Mixing one’s alcohol, consuming too many sugary cocktails, and even so much the color of the liquor makes a difference in one's hangover. But what happens when we drink beer first and end with liquor? We've all heard the saying: beer before liquor, never been sicker. Liquor before beer, in the clear. Is this a tip we can carelessly rely on to have a few too many, or is it just a long-time myth that needs to retire?
Myth or Fact
While experts are not entirely confident in where the claim first came to be, they believe that it could have possibly stemmed from how we digest certain alcoholic beverages. Because carbonated drinks such as beer and sparkling wines/ciders are known to irritate and cause inflammation in the stomach lining, it increases the rate at which we absorb alcohol. In this case, those who drink beer first and then switch to liquor will most likely end up drinking more, resulting in a higher level of intoxication. On the contrary, those who drink liquor before beer typically don’t drink beer after. There isn't a significant amount of evidence against the claim that carbonation causes an increase in intoxication, though. Beer also has the lowest ABV (Alcohol by Volume) but a higher volume than a shot of liquor, raising the BAC (Blood Alcohol Content) more slowly. The National Institute on Alcohol Abuse and Alcoholism guidelines follow:
- Regular Beer: 12 ounces, which is usually about 5% alcohol
- Wine: 5 ounces, which is typically about 12% alcohol
- Distilled Spirits: 1.5 ounces, which is about 40% alcohol
So, Why Are My Hangovers so Bad?
Although drinking beer irritates the lining of the stomach and liquor has a higher alcohol level, the truth is that it doesn’t matter what type of alcohol we drink. Alcohol is alcohol. “In reality, that has little effect,” said Dr. Roshini Rajapaksa, a gastroenterologist at the New York University School of Medicine. He told the New York Times, “What matters most, she said, is the amount of alcohol consumed and whether it’s combined with any food, which slows absorption and minimizes sickness.” Regardless of the type of alcohol, it still digests the same through our liver and takes an hour to digest one drink. If you start to feel sick drinking liquor, try drinking beer or a similar alternative that has lower alcohol volume than liquor does. It will slow your body down and keep you from getting intoxicated as quickly.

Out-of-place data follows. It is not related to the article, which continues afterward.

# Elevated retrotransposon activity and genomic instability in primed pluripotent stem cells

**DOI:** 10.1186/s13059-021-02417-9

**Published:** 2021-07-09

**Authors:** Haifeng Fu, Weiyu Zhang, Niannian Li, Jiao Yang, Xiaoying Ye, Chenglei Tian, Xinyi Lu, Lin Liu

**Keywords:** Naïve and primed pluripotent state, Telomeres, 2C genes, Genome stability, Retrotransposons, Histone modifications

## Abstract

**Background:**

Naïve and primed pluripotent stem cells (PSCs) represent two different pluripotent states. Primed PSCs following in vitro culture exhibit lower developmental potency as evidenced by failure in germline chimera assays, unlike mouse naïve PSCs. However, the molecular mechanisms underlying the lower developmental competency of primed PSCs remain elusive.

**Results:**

How Can I Keep From Getting Hungover?
Although there's not much evidence supporting the ‘beer first, liquor second’ theory, the type of alcohol we drink or the capacity does not matter. Anyone can consume beer, wine, or liquor, but the truth is that alcohol is still a toxin that will make us sick, and there are only a few ways to fight off the flu-like symptoms. Eating nourishing meals that include protein and healthy carbs packed with vitamins and minerals will highly benefit the morning after a night out drinking. Also, drinking lots of water is crucial for anyone planning an alcohol-filled night. Drinking water before, during, and after the consumption of alcohol will drastically influence the severity of a hangover. While beer before liquor might work for some, it's not a foolproof system. If in doubt, spread the drinking out, slow down if needed, and listen to your body.